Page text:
Rebecca Solnit: How Change Happens. Trauma and PTSD collected info, commentary and links – Everything Matters: Beyond Meds. Trauma and PTSD collected info, commentary and links (Update 2015 — in just the three years since this post was first written trauma is now quite universally being spoken about in mental health circles.
It’s not necessarily truly being practiced on the frontline of social services nor is the ubiquity of trauma involvement with all the major psych diagnosis being profoundly understood, but the change in the literature and what gets reported in the media is quite promising.) A lot of people like infographics as it makes visual facts that might not otherwise sink in. The most important fact on this infographic and one I’ve underscored again and again on this blog is that the vast majority of folks in the mental health system (this infographic says 90%) have been subject to trauma. That was certainly my experience when I worked in the mental health system.
Without appropriate care and integration trauma changes both our bodies and minds for many years and sometimes for our entire lives. World Peace Treaty - keshe.foundation. In the name of the Glory of God 06 September 2012 From the beginning of time man’s desire has been to have plenty to eat and a safe place to shelter, to create a tranquil environment where he can live with peace of mind and in this process develop his culture and add to his knowledge of his environment, of the universe and of creation.
Index. Written by JJ Charlesworth, CNN Artist Takashi Murakami is CNN Style's latest guest editor.
He has commissioned a series of features on identity. JJ Charlesworth is an art critic and senior editor for ArtReview. All opinions expressed in this article belong to the author. When faced with catastrophe -- war, famine or natural disaster -- most peoples' first priority is simply to survive. What’s the ‘culture’ in neuroanthropology? Some cultural anthropologists are afraid of the brain sciences; they fear that neuroscientists want to dissolve culture into the study of the brain, discounting the necessity of studying culture, social interaction, systems of meaning, symbolism, everyday life, and all the things that cultural anthropologists have argued are important for shaping human life.
Emily Martin, for example, one of the most interesting anthropologists working on the way that cultural assumptions shape medicine, medical education, and the like, writes in an article on the ‘mind-body’ problem of the dangers of ‘neuro-reductionist’ thought. Neuroanthropology. Neuroanthropology 101: Body, Brain & Culture.
Brooks-the-art-of-presence. Tragedy has twice visited the Woodiwiss family.
In 2008, Anna Woodiwiss, then 27, was working for a service organization in Afghanistan. On April 1, she went horseback riding and was thrown, dying from her injuries. In 2013, her younger sister Catherine, then 26, was biking to work from her home in Washington. She was hit by a car and her face was severely smashed up. She has endured and will continue to endure a series of operations. I was an Isis sex slave. I tell my story because it is the best weapon I have. The slave market opened at night.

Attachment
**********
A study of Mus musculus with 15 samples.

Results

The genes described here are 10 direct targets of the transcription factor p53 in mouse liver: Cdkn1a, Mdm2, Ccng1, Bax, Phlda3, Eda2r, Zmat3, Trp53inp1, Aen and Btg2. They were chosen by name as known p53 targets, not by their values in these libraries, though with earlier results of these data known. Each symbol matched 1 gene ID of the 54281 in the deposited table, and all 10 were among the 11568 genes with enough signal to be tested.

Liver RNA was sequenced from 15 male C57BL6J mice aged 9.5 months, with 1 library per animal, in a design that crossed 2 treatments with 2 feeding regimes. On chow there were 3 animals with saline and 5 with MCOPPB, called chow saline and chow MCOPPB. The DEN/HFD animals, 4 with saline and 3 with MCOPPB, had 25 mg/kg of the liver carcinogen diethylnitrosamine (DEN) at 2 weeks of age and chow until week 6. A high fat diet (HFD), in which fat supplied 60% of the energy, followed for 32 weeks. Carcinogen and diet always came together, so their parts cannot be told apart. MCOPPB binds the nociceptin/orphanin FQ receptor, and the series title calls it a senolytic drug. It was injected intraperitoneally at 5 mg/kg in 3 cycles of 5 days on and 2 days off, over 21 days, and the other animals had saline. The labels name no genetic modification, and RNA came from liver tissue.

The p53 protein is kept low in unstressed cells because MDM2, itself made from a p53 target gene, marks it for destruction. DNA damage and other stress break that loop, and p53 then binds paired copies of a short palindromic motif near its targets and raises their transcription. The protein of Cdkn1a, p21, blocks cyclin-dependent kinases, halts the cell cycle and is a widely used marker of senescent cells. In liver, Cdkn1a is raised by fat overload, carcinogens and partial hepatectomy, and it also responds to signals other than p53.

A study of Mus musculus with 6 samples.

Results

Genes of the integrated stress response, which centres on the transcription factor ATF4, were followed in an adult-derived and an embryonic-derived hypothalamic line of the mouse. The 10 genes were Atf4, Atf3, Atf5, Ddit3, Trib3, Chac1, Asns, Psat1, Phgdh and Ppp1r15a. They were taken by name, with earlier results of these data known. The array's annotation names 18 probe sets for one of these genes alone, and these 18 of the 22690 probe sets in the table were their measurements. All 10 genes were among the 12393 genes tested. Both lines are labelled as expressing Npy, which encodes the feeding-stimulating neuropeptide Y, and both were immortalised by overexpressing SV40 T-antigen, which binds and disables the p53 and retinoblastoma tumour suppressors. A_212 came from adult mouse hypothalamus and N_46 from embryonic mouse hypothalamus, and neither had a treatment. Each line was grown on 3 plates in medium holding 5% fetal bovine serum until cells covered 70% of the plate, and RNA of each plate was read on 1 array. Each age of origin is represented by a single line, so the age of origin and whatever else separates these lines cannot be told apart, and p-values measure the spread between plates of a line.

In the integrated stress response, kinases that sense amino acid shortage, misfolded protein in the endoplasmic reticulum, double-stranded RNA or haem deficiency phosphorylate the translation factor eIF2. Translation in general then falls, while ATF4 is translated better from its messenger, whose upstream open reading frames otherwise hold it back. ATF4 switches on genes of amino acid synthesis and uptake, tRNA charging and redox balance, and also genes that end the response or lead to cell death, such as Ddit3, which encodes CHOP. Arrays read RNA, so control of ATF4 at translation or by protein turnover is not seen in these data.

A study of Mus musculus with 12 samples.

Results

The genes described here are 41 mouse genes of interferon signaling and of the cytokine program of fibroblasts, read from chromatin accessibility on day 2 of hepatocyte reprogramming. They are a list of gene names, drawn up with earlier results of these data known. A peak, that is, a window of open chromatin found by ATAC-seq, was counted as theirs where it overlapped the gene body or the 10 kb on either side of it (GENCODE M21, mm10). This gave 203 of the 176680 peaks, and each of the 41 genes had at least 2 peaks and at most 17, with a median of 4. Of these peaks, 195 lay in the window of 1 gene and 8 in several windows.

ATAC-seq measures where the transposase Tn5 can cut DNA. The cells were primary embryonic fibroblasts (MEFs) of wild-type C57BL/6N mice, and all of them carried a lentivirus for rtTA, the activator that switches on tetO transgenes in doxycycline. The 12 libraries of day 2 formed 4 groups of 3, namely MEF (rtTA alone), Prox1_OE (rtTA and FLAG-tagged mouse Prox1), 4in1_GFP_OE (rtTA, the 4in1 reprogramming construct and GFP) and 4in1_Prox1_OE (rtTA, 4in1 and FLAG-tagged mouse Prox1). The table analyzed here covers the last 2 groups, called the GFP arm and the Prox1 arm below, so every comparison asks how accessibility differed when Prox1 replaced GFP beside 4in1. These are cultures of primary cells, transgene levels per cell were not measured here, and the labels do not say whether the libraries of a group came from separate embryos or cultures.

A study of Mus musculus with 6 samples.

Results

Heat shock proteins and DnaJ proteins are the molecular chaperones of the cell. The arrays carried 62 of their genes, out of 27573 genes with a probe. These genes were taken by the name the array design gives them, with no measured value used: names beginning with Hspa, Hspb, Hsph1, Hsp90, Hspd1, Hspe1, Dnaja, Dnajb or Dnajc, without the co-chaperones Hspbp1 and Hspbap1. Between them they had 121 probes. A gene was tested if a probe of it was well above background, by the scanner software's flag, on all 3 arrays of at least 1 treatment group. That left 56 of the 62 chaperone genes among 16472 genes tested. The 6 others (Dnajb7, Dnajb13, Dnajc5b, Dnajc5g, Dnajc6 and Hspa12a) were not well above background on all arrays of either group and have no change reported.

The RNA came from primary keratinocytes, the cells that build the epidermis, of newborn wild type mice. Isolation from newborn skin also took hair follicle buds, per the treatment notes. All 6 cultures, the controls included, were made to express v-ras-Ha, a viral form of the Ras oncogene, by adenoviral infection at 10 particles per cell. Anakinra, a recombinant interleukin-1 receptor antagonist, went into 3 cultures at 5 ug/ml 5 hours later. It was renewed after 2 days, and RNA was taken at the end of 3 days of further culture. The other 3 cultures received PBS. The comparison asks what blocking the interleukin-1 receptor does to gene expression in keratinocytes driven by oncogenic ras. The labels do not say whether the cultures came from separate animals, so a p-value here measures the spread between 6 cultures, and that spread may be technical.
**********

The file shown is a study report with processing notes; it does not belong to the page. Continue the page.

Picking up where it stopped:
We could hear the commotion downstairs where militants were registering and organising, and when the first man entered the room, all the girls started screaming. The book that fights sexism with science. When young men and women come up against sexist stereotypes masquerading as science, Angela Saini wants them to be armed with the facts.
“I call my book ammunition,” she says of her 288-page prize-winning work Inferior: The True Power of Women and the Science that Shows It. “There are people out there who insist that somehow the inequalities we see in society are not just because of historic discrimination, but also because of biology – the idea that there are factors within us that will cause men or women to be better at some things than others.” She wrote Inferior to demonstrate that “actually, science doesn’t support that point of view. I think it’s important we understand these scientific facts. We need that ammunition to counter the weird mistruths that are circulating within and outside science about sex difference”.
To female scientists fed up with being treated as though their brains are the odd exceptions among their sex, Inferior is more than just a book. In first, Japanese researchers observe chimp mother, sister caring for disabled infant. A Japanese study of a chimpanzee mother caring for her disabled infant in the wild has shed light on how humans developed their social behavior.
The first-of-its-kind study by a team of Kyoto University researchers was published Monday in the online edition of Primates, an international journal of primatology. Born in January 2011 in a chimpanzee group in Tanzania’s Mahale Mountains National Park, the female infant was “severely disabled,” exhibiting “symptoms resembling Down syndrome,” according to a summary of the team’s findings. Becoming Disabled.
Not long ago, a good friend of mine said something revealing to me: “I don’t think of you as disabled,” she confessed.
I knew exactly what she meant; I didn’t think of myself as disabled until a few decades ago, either, even though my two arms have been pretty significantly asymmetrical and different from most everybody else’s my whole life. My friend’s comment was meant as a compliment, but followed a familiar logic — one that African-Americans have noted when their well-meaning white friends have tried to erase the complications of racial identity by saying, “I don’t think of you as black,” or when a man compliments a woman by saying that he thinks of her as “just one of the guys.” This impulse to rescue people with disabilities from a discredited identity, while usually well meaning, is decidedly at odds with the various pride movements we’ve come to know in recent decades.